The Northumberland County Juvenile Court Services and President Judge William Harvey Wiest announced 53 victims will be receiving long-awaited restitution checks from the county.

The cases were closed before the victims were paid in full. Some records date back to 1974. The total amount of restitution being distributed is $5,301.86.

Prior to 1998, it was the practice of juvenile court to "purge" juveniles' monetary responsibilities either once they reached age 21, significant time had passed since last payment or the agency was unable to locate the juvenile. Thus, many victims were not monetarily restored to their pre-crime status.

The practice of "purging" juveniles' responsibilities of restitution owed has ceased and juvenile court now attempts to collect every dollar owed through every legal means possible.

In 2006, the Northumberland County Juvenile Court Services established a restitution fund to help reimburse victims who may not have received compensation in full for their loss due to circumstances beyond the court's control. These circumstances include the unfortunate death of the juvenile, a victim who has shown undue hardship as a result of the delinquent act and needs immediate reimbursement or a victim who may not have been reimbursed in a prompt and timely manner.

The juvenile court restitution fund is maintained by a fee charged to all juveniles referred to the agency for a delinquent act. The fee is $25 per referral, plus a $5 per month fee for all adjudicated youth while on formal supervision up to age 21.

Additional funds were collected from a joint partnership with the Northumberland County Area Agency on Aging (AAA), under the direction of Pat Rumberger, in which youth help maintain the lawns of senior citizens who are considered "shut-ins" and run the risk of being cited by the code enforcement officer for having high lawns.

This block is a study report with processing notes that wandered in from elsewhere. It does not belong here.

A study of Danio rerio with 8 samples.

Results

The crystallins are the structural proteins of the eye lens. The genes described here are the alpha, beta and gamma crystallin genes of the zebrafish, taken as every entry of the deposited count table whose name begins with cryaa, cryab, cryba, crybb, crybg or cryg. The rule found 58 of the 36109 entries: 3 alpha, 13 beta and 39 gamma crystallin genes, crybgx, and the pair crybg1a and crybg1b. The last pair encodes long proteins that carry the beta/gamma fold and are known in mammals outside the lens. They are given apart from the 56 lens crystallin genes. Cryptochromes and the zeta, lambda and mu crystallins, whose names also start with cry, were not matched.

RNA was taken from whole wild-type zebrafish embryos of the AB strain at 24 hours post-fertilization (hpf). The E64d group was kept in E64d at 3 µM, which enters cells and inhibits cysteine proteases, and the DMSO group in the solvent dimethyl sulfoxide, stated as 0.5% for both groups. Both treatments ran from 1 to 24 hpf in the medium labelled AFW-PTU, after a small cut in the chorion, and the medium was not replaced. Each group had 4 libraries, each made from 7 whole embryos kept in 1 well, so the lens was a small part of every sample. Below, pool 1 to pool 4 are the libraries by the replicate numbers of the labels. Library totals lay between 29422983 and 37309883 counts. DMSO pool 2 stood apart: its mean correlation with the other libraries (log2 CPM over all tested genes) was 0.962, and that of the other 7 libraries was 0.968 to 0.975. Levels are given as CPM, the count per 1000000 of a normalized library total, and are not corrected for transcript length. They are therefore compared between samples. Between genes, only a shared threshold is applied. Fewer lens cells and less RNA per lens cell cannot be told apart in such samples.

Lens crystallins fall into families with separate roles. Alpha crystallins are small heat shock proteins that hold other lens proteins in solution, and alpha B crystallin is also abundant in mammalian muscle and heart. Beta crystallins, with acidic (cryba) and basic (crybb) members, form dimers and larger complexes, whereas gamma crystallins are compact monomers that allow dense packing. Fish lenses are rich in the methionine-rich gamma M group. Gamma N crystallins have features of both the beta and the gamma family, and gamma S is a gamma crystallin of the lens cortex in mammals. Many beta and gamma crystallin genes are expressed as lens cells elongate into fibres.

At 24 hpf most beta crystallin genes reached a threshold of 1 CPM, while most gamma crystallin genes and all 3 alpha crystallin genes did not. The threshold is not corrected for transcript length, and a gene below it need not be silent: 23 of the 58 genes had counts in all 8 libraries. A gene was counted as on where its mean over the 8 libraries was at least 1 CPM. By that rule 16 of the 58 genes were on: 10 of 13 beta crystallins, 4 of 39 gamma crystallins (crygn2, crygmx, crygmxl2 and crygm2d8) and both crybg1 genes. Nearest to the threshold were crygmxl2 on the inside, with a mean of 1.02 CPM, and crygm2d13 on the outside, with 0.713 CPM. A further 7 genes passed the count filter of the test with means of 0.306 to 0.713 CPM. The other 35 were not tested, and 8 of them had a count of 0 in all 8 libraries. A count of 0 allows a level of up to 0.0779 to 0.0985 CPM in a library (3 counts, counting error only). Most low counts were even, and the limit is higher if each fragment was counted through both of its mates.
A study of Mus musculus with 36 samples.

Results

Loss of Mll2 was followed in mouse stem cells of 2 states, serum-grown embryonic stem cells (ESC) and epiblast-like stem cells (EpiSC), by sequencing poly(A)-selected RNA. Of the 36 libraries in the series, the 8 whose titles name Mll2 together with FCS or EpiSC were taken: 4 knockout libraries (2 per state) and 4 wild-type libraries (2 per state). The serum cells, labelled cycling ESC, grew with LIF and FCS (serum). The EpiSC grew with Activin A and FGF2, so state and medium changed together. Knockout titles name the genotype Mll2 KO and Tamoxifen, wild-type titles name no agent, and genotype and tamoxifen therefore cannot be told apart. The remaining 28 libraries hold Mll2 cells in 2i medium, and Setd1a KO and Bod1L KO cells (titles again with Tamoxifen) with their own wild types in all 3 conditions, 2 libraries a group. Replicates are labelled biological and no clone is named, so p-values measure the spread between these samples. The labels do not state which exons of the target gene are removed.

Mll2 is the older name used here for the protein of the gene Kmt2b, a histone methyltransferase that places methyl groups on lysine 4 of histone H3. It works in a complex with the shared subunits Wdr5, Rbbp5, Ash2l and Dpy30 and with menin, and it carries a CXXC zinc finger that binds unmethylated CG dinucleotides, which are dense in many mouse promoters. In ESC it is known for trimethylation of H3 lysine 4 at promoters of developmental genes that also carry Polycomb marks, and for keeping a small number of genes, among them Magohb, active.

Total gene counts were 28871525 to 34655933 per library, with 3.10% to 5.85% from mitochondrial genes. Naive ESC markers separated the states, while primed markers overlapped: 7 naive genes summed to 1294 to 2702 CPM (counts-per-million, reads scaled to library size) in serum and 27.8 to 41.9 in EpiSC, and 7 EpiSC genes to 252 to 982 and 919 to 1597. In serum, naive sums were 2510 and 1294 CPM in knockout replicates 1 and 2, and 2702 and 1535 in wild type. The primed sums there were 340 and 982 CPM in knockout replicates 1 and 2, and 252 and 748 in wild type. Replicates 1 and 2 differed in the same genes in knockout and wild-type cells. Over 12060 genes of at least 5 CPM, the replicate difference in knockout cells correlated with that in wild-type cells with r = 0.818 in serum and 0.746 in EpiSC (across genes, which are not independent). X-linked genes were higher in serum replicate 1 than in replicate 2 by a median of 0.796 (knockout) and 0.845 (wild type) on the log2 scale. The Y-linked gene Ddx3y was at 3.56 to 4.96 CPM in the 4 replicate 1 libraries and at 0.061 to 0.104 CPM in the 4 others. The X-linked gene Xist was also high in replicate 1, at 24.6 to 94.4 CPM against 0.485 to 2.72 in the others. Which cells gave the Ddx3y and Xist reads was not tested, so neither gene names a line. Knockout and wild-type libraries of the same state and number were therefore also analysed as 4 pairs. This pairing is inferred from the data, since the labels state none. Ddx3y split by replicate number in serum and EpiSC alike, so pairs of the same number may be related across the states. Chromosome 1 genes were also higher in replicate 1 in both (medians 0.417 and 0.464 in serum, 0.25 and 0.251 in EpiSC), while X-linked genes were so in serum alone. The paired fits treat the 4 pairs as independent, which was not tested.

Youth participating in the joint venture include those ordered to complete community service or those who are placed into the restitution accountability program in order to pay back their victims. Any money left after responsibilities are completed or paid in full are placed into the restitution fund.

Taking this into consideration, the Juvenile Court Services Agency did an audit of those files in which restitution responsibilities were purged or the juvenile passed away prior to the establishment of the restitution fund.

Nicole Bozza, Northumberland County JPO Victims of Juvenile Offenders coordinator, and Veronica Moore, student intern from Mansfield University completed the arduous task of researching all restitution cases to locate victims who were not paid; locating the juvenile files from the closed cases archives and finally, dissecting the files to gather as much information on the victim as possible to help locate a current address.

The records indicated that as many as 100 victims were not reimbursed at all or in part. Wiest authorized the agency to release funds from the Juvenile Court Restitution Fund to reimburse those victims who were not fully compensated at the time the juveniles' obligations were purged.

Unfortunately, some of the victims are deceased and will never be fully compensated. Other victims have moved away or changed their name (commonly through marriage) and the office cannot locate them. The court issued an apology for the lack of timeliness in resolcing the issue. . The agency continues to work to improve services to all victims.